All the Right MovesBy Liquid Todd
Sydney-based duo The Presets recently returned to America to tempt dance floors and alt rock-radio playlists alike with its third studio album, Pacifica. After touring for a couple years after the release of 2008’s Apocalpyso, the band decided it wasn’t in a hurry to get to work on a follow-up album.
“We kind of finished touring the last record and we’d been touring for about five years straight really so we kind of wanted to have a couple months off,” said co-founder Kim Moyes. “We had kids. We moved houses. We built studios. A lot of things were going on. Then we kind of got back to it. You can’t force these things.”
For The Presets’ first single in four years the band decided to release techno-stormer “Youth In Trouble,” its take on the media’s obsession with trying to scare the crap out of adults with images of “kids gone wild.” Moyes calls it a “stadium track loaded with irony.”
“We really wanted to write a full-on techno track and I’d been deejaying this song a few years ago called “Total Departure” which used this audio trick called a Shepard tone,” Moyes says. “We wanted to bring that into a song.”
Named after the Californian cognitive scientist who invented it, Roger Shepard, a Shepard tone is a sonic barber pole; a tone that seems to go up (or down) infinitely without actually going anywhere.
“So we wanted to do something like that technically,” Moyes continues. “And a few things were going on in the media like the London riots and the typical thing about how we should be scared of the kids of today—how they’re doing all these crazy things. We just thought it would be pretty fun to poke some fun at the media’s portrayal of the ‘youth in trouble.’”
Modular Records has already released the second single, “Ghosts,” which comes with a well-executed trance remix by Adrian Lux and a whimsical bossa nova version by German producer Senor Coconut. Both mixes feature the line “lost my minds in streets of neon” an idea which seems very much a part of this new album.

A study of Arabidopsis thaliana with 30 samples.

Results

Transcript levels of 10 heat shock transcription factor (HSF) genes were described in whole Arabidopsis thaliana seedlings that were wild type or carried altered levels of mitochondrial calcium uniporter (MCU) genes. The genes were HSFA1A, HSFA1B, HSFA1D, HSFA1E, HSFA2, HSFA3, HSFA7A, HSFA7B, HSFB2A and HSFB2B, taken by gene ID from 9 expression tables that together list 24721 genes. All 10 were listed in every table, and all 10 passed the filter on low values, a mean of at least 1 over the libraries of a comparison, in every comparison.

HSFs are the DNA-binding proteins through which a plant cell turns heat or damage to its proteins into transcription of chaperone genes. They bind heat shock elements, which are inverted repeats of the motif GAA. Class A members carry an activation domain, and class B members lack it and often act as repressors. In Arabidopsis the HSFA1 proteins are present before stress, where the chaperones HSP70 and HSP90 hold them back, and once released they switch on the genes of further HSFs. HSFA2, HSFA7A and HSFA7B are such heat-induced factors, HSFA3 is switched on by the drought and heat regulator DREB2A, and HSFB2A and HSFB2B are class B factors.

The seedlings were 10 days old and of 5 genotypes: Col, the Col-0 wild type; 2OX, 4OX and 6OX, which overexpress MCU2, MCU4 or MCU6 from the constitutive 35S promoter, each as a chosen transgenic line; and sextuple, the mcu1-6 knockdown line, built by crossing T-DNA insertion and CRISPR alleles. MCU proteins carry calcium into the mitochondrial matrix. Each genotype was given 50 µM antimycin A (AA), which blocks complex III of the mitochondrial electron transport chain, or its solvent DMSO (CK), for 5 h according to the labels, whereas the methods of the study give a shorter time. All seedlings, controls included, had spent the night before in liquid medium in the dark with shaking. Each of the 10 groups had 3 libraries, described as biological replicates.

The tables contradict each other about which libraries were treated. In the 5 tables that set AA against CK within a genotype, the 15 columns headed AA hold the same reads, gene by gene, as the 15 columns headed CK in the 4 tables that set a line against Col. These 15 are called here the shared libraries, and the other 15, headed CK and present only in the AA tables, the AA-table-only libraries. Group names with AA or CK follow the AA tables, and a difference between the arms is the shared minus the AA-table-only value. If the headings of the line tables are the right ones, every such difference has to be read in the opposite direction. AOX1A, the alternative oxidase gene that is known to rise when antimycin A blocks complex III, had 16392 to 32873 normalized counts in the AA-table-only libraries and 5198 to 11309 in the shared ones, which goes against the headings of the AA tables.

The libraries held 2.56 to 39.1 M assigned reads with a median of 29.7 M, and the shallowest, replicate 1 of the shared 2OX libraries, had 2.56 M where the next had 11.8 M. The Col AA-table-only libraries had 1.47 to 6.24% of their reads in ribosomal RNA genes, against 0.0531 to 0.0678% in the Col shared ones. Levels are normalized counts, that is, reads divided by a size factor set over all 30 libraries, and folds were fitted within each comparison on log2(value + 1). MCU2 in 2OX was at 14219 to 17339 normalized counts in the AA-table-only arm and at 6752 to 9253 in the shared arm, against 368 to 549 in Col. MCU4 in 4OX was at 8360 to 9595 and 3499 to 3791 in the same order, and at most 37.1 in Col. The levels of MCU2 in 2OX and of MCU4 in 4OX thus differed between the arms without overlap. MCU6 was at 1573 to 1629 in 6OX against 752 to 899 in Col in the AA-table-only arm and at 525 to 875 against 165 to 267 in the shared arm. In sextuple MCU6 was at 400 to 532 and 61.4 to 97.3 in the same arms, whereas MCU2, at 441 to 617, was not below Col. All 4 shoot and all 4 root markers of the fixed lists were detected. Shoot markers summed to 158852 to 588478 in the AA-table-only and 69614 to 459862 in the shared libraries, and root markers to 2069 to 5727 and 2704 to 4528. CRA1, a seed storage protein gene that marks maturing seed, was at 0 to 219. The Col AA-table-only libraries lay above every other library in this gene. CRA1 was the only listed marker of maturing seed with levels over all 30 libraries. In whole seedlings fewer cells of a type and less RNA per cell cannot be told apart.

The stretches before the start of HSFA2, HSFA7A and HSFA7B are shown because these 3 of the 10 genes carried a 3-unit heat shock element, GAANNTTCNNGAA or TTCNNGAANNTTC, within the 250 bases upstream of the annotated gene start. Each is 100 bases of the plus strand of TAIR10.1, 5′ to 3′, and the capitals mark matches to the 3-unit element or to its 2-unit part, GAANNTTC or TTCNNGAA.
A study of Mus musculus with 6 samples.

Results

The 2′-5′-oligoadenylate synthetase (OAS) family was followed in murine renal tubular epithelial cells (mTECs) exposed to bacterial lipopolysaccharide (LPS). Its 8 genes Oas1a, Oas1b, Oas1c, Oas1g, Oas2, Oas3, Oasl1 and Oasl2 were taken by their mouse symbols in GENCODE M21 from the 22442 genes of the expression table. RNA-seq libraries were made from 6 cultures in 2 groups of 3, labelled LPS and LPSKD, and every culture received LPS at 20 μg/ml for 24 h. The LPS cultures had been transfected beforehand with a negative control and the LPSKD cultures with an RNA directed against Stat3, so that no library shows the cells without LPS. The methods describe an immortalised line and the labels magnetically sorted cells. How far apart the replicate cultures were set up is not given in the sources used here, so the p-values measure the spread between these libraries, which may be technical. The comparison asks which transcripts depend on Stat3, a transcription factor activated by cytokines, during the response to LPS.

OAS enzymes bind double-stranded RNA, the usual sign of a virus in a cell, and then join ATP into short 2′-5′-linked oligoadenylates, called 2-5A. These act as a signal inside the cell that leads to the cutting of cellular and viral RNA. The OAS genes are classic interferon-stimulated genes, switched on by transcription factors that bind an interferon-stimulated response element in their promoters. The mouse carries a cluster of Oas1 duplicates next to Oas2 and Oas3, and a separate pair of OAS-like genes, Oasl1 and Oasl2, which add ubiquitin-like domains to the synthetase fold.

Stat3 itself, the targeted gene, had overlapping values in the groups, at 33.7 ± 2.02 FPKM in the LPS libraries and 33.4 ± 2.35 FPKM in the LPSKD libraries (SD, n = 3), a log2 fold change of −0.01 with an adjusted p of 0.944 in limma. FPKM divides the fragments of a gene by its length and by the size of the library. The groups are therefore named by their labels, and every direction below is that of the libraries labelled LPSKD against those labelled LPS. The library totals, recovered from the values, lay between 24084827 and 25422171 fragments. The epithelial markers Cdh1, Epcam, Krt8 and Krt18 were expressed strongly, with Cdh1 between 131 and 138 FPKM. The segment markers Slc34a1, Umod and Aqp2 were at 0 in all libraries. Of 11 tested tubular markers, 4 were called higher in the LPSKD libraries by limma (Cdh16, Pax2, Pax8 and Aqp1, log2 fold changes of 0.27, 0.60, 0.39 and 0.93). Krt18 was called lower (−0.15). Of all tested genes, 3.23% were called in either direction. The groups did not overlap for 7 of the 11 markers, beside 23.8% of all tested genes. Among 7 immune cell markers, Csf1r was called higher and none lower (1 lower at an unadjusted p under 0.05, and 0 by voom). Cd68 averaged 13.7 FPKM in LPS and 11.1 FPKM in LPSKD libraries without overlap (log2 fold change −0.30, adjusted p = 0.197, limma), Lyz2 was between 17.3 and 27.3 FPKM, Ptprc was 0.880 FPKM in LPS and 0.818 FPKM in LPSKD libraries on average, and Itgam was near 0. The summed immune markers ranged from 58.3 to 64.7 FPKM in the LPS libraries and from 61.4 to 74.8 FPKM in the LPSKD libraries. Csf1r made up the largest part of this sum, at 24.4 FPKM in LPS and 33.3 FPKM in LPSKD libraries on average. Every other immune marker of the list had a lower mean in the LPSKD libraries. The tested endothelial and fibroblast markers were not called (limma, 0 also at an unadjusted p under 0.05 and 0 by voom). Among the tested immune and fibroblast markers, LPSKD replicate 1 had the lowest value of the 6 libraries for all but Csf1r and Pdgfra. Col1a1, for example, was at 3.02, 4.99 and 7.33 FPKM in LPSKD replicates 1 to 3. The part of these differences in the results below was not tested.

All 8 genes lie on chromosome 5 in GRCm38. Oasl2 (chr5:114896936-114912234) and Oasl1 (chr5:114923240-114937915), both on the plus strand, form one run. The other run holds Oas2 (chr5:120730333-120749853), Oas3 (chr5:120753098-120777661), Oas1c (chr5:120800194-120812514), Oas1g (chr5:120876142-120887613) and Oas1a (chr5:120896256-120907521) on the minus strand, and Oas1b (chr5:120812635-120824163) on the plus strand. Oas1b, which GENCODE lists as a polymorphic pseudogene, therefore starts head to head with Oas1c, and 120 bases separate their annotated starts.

After finishing Pacifica, The Presets spent a few months putting its live show together before hitting the road on a national tour of its native Australia.
“We took a couple of songs from the back catalog we remixed and reworked them,” Moyes says. “Kinda bringing them up to date and spicing them up a bit.”
Maybe it’s because the duo takes its time making albums, producing only three in eight years, that it spends so many months on the road supporting them. The band toured for almost five years straight before the last break that preceded the making of Pacifica.
“It has its positives and negatives but it’s fun.” Moyes says. “We’ve been touring for a few years now so we’ve got friends all over the worlds. So we get to catch up with them and go to all our favorite restaurants and stuff like that.”
Since the band last played American electronic dance music has truly exploded, taking over the mainstream. Fronting a band that has long straddled the worlds of rock and dance has given Moyes a very thoughtful attitude about EDM’s current heights.
“These things come and go all the time and we’ve been doing this for long enough to see a few of these things come and go,” he explains. “And it’s all well and good I guess. We just try to stay focused on following our own path and stay true to our own elements.”
Only the Best
For his CULTURE interview, The Presets co-founder Kim Moyes shared his views on cannabis, saying he supports MMJ. “If you need it, I guess. I’m sure it can calm a lot of people’s nerves and also probably split a lot of people’s personalities. Everything in moderation!” In fact, the band’s crew grew curious about what it had heard about the Golden State’s cannabis. “Someone in the crew was telling me that California has the best [cannabis] in the world. Is that true?” Yes, it’s true, Kim.